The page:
This section is from the book "A Treatise On Beverages or The Complete Practical Bottler", by Charles Herman Sulz. Also available from Amazon: A Treatise On Beverages.
To make ten gallons, make an infusion of two ounces of quassia with two dozen sprigs of horehound; boil with part of this liquid thirty cayenne pods for twenty minutes, then add ten fluid ounces of lime juice and two ounces licorice (dissolved in cold water); strain the mixture and put with it ten gallons of cold water, with three pounds brown sugar, caramel to color; allow the whole to work four days. Now take four quarts of it, and warm it to the proper temperature, and mix with this one pint of good brewers' yeast, and stand it in a warm place till in a brisk state of fermentation; mix it with the rest of the liquor, and in a few hours it will be all in full fermentation. Give it a stir twice a day for the first two days to promote fermentation; keep it from contact with cold air for the following two days, and skim the top off as it gets yeasty. In thirty hours the beer may be bottled off. In summer this will be ripe and fit to drink in eight days. A superior quality may be made by putting a small piece of sugar into each bottle just before corking.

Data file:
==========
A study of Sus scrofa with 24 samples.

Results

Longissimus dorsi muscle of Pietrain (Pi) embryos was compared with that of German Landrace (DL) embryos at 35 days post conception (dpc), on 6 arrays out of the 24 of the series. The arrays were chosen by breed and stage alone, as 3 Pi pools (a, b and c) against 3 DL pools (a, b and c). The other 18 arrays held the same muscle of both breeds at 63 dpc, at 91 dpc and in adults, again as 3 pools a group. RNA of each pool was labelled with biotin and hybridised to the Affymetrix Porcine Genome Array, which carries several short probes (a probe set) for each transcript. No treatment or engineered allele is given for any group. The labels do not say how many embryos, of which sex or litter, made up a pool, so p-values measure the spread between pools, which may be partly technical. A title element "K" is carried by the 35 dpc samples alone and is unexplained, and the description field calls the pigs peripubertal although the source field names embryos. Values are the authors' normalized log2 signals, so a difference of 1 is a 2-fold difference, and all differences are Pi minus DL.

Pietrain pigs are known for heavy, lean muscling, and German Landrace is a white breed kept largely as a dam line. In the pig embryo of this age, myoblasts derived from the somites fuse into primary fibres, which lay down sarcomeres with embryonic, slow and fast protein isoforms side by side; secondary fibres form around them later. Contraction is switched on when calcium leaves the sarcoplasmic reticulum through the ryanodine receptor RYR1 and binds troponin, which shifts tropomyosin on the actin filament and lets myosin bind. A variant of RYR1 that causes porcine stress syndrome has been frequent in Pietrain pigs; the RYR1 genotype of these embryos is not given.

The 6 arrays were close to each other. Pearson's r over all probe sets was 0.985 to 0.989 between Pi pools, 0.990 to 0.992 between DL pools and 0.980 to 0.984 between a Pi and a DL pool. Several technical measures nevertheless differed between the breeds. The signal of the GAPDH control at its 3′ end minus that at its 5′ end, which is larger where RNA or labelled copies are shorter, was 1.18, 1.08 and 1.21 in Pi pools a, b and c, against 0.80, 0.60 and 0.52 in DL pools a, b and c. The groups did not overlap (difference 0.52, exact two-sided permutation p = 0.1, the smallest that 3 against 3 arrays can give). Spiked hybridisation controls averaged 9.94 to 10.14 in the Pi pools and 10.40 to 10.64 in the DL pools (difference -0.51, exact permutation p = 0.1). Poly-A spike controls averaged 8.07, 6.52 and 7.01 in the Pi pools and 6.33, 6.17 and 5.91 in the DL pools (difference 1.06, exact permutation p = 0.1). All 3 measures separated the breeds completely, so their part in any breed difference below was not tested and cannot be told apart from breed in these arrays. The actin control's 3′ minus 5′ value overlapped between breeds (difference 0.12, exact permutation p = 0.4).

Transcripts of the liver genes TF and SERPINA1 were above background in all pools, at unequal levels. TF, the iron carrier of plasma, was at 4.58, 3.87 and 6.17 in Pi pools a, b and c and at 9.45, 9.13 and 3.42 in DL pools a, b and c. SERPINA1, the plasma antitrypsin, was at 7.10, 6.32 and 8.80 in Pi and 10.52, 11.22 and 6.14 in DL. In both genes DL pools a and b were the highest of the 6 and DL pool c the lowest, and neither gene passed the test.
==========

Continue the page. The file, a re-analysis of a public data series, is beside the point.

Another formula: water, ten gallons; sugar, five pounds; horehound herb, ten ounces; camomile, two ounces; Jamaica ginger, bruised or crushed, six ounces; good fresh yeast, one pint; liquorice for coloring, one ounce. The latter made into a liquor with a pint of boiling water.
Put the horehound, camomile and ginger in an open gauze or coarse flannel bag, and let them together boil gently for two hours or longer, to extract all the aroma from the herbs and ginger; then remove all the liquor into a tub or large pan, and at about eighty degrees of heat add the yeast. Stir the mixture, and let it stand with a cover over it for ten or twelve hours, after which put it into a cask to ferment, taking off the yeast as it arises at the bung-hole. This preparation is made stronger by adding an ounce of the extract of malt mixed with the liquor when cooling.